Wafd Party President purchases El-Dostor newspaper, says editor

Marwa Al-A’sar
3 Min Read

CAIRO: Businessman and El-Wafd Party president El-Sayed El-Badawy has bought daily independent El-Dostor newspaper, editor-in-chief Ibrahim Eissa told Daily News Egypt Tuesday.

Even though Eissa declined to mention the value of the deal, sources close to El-Dostor told Daily News Egypt that El-Badawy, also the owner of Al-Hayat satellite TV channels, paid publisher Essam Ismail Fahmy LE 20 million for the outspoken, anti-government newspaper.

Earlier this month, rumors circulated within the press community about El-Badawy seeking to buy El-Dostor to use it as an arm for the opposition party alongside its official newspaper, El-Wafd.

“El-Badawy is a businessman in the first place. He bought El-Dostor in this capacity not in his capacity as the president of El-Wafd,” Eissa explained.

“The editorial policy of El-Dostor will never change after the new management; and the reader can wait and see,” he added.

Eissa had earlier denied that there were any plans to sell the newspaper.

“I denied that the newspaper was sold but negotiations were underway and [the results were unknown],” Eissa argued.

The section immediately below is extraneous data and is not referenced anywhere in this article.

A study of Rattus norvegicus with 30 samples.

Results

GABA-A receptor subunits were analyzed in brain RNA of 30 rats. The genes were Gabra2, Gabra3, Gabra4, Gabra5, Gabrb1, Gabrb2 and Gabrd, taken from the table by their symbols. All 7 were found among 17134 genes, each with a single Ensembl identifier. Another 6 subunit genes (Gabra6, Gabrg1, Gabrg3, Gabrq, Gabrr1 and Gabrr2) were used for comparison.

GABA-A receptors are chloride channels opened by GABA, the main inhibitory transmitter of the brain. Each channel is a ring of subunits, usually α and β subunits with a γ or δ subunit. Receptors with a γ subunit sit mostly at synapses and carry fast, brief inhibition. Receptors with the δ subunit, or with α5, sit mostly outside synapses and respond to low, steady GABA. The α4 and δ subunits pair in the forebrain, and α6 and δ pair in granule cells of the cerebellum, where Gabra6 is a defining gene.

The outspoken newspaper was founded by Fahmy with an off-shore license from Cyprus and first hit newsstands in 1995.

At that time, most of the press was controlled and run by the state which had nationalized media following the 1952 Free Officers’ Coup.

El-Dostor was a novel product on the media scene in several ways as it ran opinion articles by writers across the ideological spectrum, from Islamists to Marxists.

It also has an editorial line that exceptionally critical of the regime, focusing on corruption among high-level officials, democracy and governance, as well as a hardline stance against normalization with Israel.

The paper was eventually closed down by the authorities in 1998 for publishing a letter, allegedly by El-Gama’a El-Islamiya (an extremist Islamist group) that included a death threat against three high-profile Christian businessmen.

The publication of the letter stirred angry reactions among many readers, who felt that El-Dostor was inciting sectarian strife.

However, in 2004, the newspaper was granted a local license and appeared again as a weekly following the same trend of scathing criticism.

In 2008 the newspaper turned into a daily publication and launched its website. It continues to provide a forum for a wide variety of prominent writers while maintaining the same critical ideology.